As tomorrow's scientists, engineers and entrepreneurs, it is important that you be familiar with the current scientific literature, particularly conference proceedings. It is also important that you acquire experience and become comfortable presenting talks to groups of your peers. This activity will afford you an opportunity to develop and improve both of these skills, which are often required throughout a professional career. If you wish, you may work in pairs with a classmate/partner of your choice.
This handout includes complete tables of contents from 10 important recent conferences relating to various aspects of HCI, sponsored by the Association for Computing Machinery (ACM) and the Computer Society of the Institute of Electrical and Electronics Engineers (IEEE). The conferences are:
Look through the attached material and choose 3 papers that you feel are of potential interest to you (NOTE: so-called ``poster papers'' are not allowed). The full proceedings are available to you online via the ACM and IEEE/CS digital libraries to which Rensselaer subscribes; alternatively, the print volumes are available for perusal in my office if you prefer. Either way, you may wish to skim through the papers themselves, to confirm they are what you expected, before you commit.
YOU NEED TO SIGN UP FOR A SPECIFIC TALK DATE! According to my latest SIS class list, there are 51 students enrolled in the course. Assuming most presentations will be by pairs, we therefore need 26+ slots. Since we should be able to accommodate 4 talks per session (see below), I'm setting aside 7 meetings for this purpose: Tuesday, March 19 and 26, April 02, 09 and 16, and Friday, April 19 and 26 (to avoid a scheduling conflict, the last videolab of the semester will be on Tuesday, April 30). To sign up for the date of your choice, send me e-mail with the following information:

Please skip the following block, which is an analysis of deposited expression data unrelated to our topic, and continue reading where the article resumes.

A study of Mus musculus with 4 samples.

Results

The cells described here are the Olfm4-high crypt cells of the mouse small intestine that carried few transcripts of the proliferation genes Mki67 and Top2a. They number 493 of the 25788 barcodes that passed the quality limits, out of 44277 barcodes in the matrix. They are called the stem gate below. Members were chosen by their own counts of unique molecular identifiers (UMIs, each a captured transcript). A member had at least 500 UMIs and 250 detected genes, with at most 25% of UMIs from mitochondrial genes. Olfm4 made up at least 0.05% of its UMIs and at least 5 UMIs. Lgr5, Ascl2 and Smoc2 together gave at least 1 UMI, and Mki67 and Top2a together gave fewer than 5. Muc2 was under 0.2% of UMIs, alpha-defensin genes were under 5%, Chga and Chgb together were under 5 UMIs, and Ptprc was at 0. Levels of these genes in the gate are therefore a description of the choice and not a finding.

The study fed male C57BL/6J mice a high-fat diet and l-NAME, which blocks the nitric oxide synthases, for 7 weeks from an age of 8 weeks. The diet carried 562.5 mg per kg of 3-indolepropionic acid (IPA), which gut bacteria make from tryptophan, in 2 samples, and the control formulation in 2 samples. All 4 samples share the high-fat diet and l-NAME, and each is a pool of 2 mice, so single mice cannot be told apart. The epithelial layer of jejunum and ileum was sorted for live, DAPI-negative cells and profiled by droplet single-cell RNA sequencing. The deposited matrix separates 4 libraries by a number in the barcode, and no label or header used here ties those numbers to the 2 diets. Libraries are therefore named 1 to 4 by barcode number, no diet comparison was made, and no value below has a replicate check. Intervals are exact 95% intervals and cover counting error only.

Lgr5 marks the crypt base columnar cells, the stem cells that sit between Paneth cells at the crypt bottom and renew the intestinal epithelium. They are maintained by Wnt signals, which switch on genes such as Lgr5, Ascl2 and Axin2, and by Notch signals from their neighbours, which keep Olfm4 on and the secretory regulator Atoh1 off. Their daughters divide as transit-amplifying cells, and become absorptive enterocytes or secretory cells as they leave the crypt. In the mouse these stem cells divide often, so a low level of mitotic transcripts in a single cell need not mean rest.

Allocation of papers and choice of talk dates will be on a first come, first served basis. I will merge all requests to avoid multiple presentations on the same papers. After the sign up deadline has passed, I will post the completed talk schedule on the Web by Friday, March 1.
After carefully digesting your readings, you will present and evaluate what you've learned from 1-2 of your papers to the class. Some author(s) may have additional information available on their personal web sites that will help you understand and appreciate the significance of their research. Your mission will be not only to distill the essence and summarize the important results from your papers, but also to critique the work, especially as it relates to the human-computer interface. What's good? What's bad? What did the author(s) overlook? Your talk (or yours and your partner's, if you have one) should be timed to run approximately 20-25 minutes, chosen because it is standard duration at many conferences. Presentation media may include MS/PowerPoint on your laptop or overhead projector foils, as you feel appropriate. A one-page class handout giving your name(s), the title and full citation information for your paper(s), as well as an abstract for your talk, is required. Within 10 days after your talk, submit a hardcopy of your presentation materials to me.